Nairobi, Kenya | Xinhua | Sunbaked mass of land littered with dry tree stumps stretch as far as the eyes can see, showing despondence.
It is apparent that there is no sign of life on the land whose surface is extremely dry and cracked due to harsh drought conditions.
Away from the land, an emaciated flamingo stands at a spot that once hosted a lake pondering its next move.
The lake is dry and what remains as a reminder of its existence is a sunken spot.
These are artists’ impressions of the worst that is currently happening in Africa as climate change unfolds and what may come in the future if mitigation measures are not mitigated.
But the artists did not only paint a picture of the negatives.
In a sketch, another artist showed a woman cooking using an improved cookstove as one of the climate adaptation measures.
The drawings were displayed on Friday at a two-day exhibition on climate change dubbed Climate Story Lab Africa in Nairobi.
The forum brought together artists, poets, storytellers and campaigners from the grassroots to international levels from across Africa.
“We are destroying the earth yet people are looking the other way. No earth, no life,” said a Tanzanian poet.
Africa, just as other parts of the world, is facing extreme climatic conditions that are threatening the existence of life.
And as the effects of climate change unfold, the continent is battling dry spells, heavy rains, colder conditions and locust invasion, all that are coming in quick succession.
It is these changes that prompted the climate activists to hold the forum and discuss the threat that climate change is, the challenges experienced, how they can be tackled and efforts being done at the grassroots to fight the global problem.
Lydia Muithya, a climate activist in Makueni County, east of the Kenyan capital Nairobi, said every year, her community members come up with proposals on climate adaptation and present to the local government for funding.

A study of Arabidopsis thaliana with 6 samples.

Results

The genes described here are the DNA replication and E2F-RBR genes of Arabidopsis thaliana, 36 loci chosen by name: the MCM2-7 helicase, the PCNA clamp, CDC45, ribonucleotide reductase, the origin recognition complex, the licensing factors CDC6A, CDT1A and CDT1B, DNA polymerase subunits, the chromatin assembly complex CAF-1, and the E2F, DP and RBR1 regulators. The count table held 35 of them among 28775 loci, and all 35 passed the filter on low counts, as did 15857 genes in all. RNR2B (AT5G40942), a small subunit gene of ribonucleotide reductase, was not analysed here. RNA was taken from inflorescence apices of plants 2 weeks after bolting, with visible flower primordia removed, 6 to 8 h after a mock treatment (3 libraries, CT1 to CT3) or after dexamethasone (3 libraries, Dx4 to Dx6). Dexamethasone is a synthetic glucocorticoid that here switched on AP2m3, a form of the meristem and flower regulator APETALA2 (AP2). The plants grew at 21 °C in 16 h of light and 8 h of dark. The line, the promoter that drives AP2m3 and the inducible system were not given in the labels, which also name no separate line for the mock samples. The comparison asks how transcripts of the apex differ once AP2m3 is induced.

“Sometimes we are given money, but most of the time we are not but one of the projects we have carried out is educating farmers to adopt climate-smart farming,” she said, highlighting a challenge many climate organizations are grappling with.
And as the world prepares for the UN Climate Change Conference (UNFCCC COP 26) from Nov. 1 to Nov. 12 in Glasgow, Scotland, the funding hurdle emerged as one of the biggest challenges climate campaigners are facing across Africa.
Michael Okumu, deputy director, climate change negotiations and finance, in Kenya’s Ministry of Environment, said funding challenges are slowing down the fight against climate change in Africa.
“Globally, there are funding bottlenecks. Funds are not reaching the intended programs in various countries to tackle climate change despite top nations committing to provide support,” he said.
He noted that most of the funds being released are for climate mitigation programs, and not adaptation and donors are dictating what should be done with the money.
“Donors are finding it easier to fund climate mitigation initiatives as opposed to adaptation because the former are quantifiable,” he said.
He noted that while there should be parity between climate adaptation and mitigation financing, the problem globally is that there is no goodwill coming through in terms of committing funds by top nations.
“With climate change, no one is safe until everyone is safe. Donors should not put roadblocks to climate financing. Going into COP 26, world leaders should come up with bold steps in climate finance and in ambition,” he said.
The G20 nations in Cop25 promised to deliver 100 billion dollars a year for poor countries, including those in Africa, to adopt clean energy and mitigate climate change, a promise that has not been actualized.
Salina Sanou, head of programs at Pan African Climate Justice Alliance (PACJA) observed that many African countries and across the world have problems fulfilling commitments made to finance climate initiatives as climate change unfolds.
The COVID-19 pandemic has made the crisis worse as funds are diverted to tackle the crisis first, she added.
According to John Kitui, Kenyan country director of Oxfam, climate change effects are unfolding faster because financing is not working at the grassroots.
“We have to make commitments and invest in climate regeneration projects to make a sustainable environment. People have to make decisions that support climate sustainability,” he said.
However, African countries were accused of failing to institute policies that anchor climate change in their development.
“African cities are developing faster but we are not seeing many of them integrating climate mitigation measures in these developments. All we are seeing are concrete structures and no greener spaces or buildings,” said Zeynab Wandati, a climate activist and journalist.